Recently a new method of estimating sales data for games on steam showed up on the site barter.vg. They were looking at achievement data and extrapolating how many users would be necessary to get the percents shown. For example, if an achievement had “50%” of players achieving it, that would imply at least 2 players. “33%” implies at least 3. If a game has both of those, it implies at least 6 players (3/6 for the 50%, 2/6 for the 33%).
This was super intriguing to me because I had thought about the same thing in the past when looking at achievement stats shortly after launch, but on the steam community page it rounds everything to 1 decimal place, so I concluded that it was a futile endeavor because any multiple of 1000 would fit all possible achievement percentages. But barter.vg had really accurate numbers, which seemed impossible.
This was brought up with a dev group I’m in, and it was quickly pointed out that if you get achievement data through steam’s API, you get 16 digits of precision instead! I set out to try and replicate barter.vg’s algorithm based on the description of it on their site, “Calculated by finding the lowest number of player that produces whole numbers of players for each achievement (percent achieved * all players)”.
So I got it working, with a simple brute force. Checked every possible whole number of sales up to a cap, and multiplied it by the achievement percentages. None of them exactly hit a whole number, so I had to set a threshold for what counts as a “whole number”. It worked for most games with less than a million sales, spitting out results that matched with what was reported on barter.vg. But any large selling games like Terraria or PUBG just gave garbage results, and looking at barter.vg they also didn’t report stats for those games. I set out to try and improve it further and get it working on huge games as well.
I figured if you get the sales numbers and achievement stats for a game, you should be able to divide them and get exactly the numbers that valve was reporting through their API. For example, according to this method the number of people who have gotten the Beat The Game Deathless achievement in my game The End is Nigh, is 8 out of 62587 (1 legit and 7 cheaters). Dividing those gives .01278220716762267%, but the steam API reports 0.012782207690179348%. They’re close but they don’t match exactly. Dividing them as 32 bit floats instead gives .012782207%, which again doesn’t match exactly.
You can’t attribute this to floating point error, I mean it literally is about floating point error, but floating point error doesn’t just make stuff give random outputs. It’s still predictable. The same division should result in the same output, and doing the same calculation that valve does on their backend should give the same output. Some more experimenting and I found out that if you do the division with floats, then convert the result to a double, that it EXACTLY equals what valve is reporting through their API. Like, double==double exact. No epsilons needed.
So I went and made a new brute force checker that “goes in reverse”, it tries to find pairs of numbers that give the stats reported by the steam API when divided in this way. This removes floating point error from the equation entirely, because whatever error is involved gets canceled out since both sides of it are doing the “same calculation”. This was EXTREMELY accurate, and even worked for games like PUBG and TF2 which have more players than can be accurately represented with a float.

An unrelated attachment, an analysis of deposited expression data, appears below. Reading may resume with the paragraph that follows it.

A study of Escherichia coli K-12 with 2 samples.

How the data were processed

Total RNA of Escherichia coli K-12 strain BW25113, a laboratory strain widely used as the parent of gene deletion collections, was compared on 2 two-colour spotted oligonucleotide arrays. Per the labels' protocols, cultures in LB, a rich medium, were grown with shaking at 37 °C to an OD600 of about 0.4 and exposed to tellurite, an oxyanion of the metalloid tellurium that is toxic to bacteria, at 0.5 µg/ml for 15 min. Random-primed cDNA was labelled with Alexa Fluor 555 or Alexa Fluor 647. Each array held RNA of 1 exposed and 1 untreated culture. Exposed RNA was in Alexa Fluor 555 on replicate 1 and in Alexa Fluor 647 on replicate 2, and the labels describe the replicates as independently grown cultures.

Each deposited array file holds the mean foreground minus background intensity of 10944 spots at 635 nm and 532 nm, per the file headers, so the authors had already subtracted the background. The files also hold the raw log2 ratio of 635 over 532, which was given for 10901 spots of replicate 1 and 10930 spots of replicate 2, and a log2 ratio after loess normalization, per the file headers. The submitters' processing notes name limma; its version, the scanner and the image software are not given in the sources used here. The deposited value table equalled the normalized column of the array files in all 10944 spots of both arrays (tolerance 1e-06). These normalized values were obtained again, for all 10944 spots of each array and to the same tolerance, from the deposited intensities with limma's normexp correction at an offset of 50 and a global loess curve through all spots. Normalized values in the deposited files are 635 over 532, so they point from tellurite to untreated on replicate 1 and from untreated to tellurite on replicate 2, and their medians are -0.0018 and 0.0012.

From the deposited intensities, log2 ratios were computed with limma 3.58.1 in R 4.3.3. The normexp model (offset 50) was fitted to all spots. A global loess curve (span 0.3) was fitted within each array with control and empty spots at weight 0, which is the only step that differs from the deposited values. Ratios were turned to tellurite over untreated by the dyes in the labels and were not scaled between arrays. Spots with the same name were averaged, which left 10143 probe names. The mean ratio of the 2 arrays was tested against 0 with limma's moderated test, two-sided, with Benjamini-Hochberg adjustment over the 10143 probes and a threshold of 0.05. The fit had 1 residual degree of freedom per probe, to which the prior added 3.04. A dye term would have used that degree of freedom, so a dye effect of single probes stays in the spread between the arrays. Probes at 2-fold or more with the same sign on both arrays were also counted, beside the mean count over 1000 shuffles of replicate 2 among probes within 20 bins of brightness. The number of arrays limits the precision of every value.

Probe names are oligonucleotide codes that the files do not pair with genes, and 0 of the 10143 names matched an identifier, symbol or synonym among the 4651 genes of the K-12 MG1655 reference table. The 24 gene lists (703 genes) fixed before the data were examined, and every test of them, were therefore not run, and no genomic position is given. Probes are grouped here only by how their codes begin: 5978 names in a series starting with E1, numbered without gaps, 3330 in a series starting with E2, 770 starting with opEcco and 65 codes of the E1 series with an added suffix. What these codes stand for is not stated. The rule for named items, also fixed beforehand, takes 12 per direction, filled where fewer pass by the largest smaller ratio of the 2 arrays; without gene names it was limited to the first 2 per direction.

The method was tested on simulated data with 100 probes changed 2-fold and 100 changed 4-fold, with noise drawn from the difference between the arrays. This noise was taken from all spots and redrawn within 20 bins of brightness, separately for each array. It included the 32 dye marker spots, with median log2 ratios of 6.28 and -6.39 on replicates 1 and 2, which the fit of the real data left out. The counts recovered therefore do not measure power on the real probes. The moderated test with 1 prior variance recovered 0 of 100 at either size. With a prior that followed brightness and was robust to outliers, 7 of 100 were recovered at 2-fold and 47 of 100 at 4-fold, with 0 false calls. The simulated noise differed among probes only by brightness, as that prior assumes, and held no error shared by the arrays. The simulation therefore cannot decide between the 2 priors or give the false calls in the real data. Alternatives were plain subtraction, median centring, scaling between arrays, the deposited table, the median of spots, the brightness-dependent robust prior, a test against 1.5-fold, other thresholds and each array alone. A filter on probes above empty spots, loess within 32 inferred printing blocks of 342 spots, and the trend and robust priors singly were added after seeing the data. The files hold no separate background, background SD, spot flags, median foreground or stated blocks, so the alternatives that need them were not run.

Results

The thing that’s interesting about this method is that it returns exact numbers. The old method SteamSpy was using required random sampling of user profiles and extrapolating the data to fit the whole steam audience from that. It was accurate but included some pretty big error bars, especially for games with low numbers of sales. The new achievement based method doesn’t have this weakness. There is no random sampling or uncertainty* here, the tool spits out the exact number valve is using to calculate achievement data, and it does it on a snapshot of data instantly instead of requiring collecting data over time. You don’t need a server to use this method, you can just run a simple script and get an answer in seconds.
(*there’s a chance for games with small numbers of achievements that all the achievement fractions reduce by a common factor. This is negligible, for games with 1 cheevo there’s a 30% chance it can reduce, it drops exponentially with each additional achievement. You can just check a few days in a row and grab the highest number if you wanna be certain)
The only caveat here is that this measures… whatever stat valve is collecting with their achievement data. It’s not quite “owners” and its not quite “players”, It doesn’t quite match up with the stat we have called “players” or “downloads” on our sales reports, it overestimates it by various amounts. I’m unsure if its collecting data for pirated copies or family sharing or whatever. The stat is still close enough to be basically just as useful as old SteamSpy was, possibly moreso since players is more useful than owners anyway when trying to figure out what people like.
I passed the code along to SteamSpy last weekend once I got it working so they could integrate it with their site, since I have no interest in building a competitor or anything, and SteamSpy was a really valuable industry tool before it got neutered in April. SteamSpy got the code working and its now being used on their site. I’ve also decided that it’s only fair to just open source this code entirely, so here’s a repository for it on GitHub. It includes the c++ that does the heavy lifting, and a python adapter for it that gets achievement data from steam and passes it off to the c++ code. Feel free to play around with it.
UPDATE (7/4): Looks like valve is rounding numbers on the API now so this method no longer works.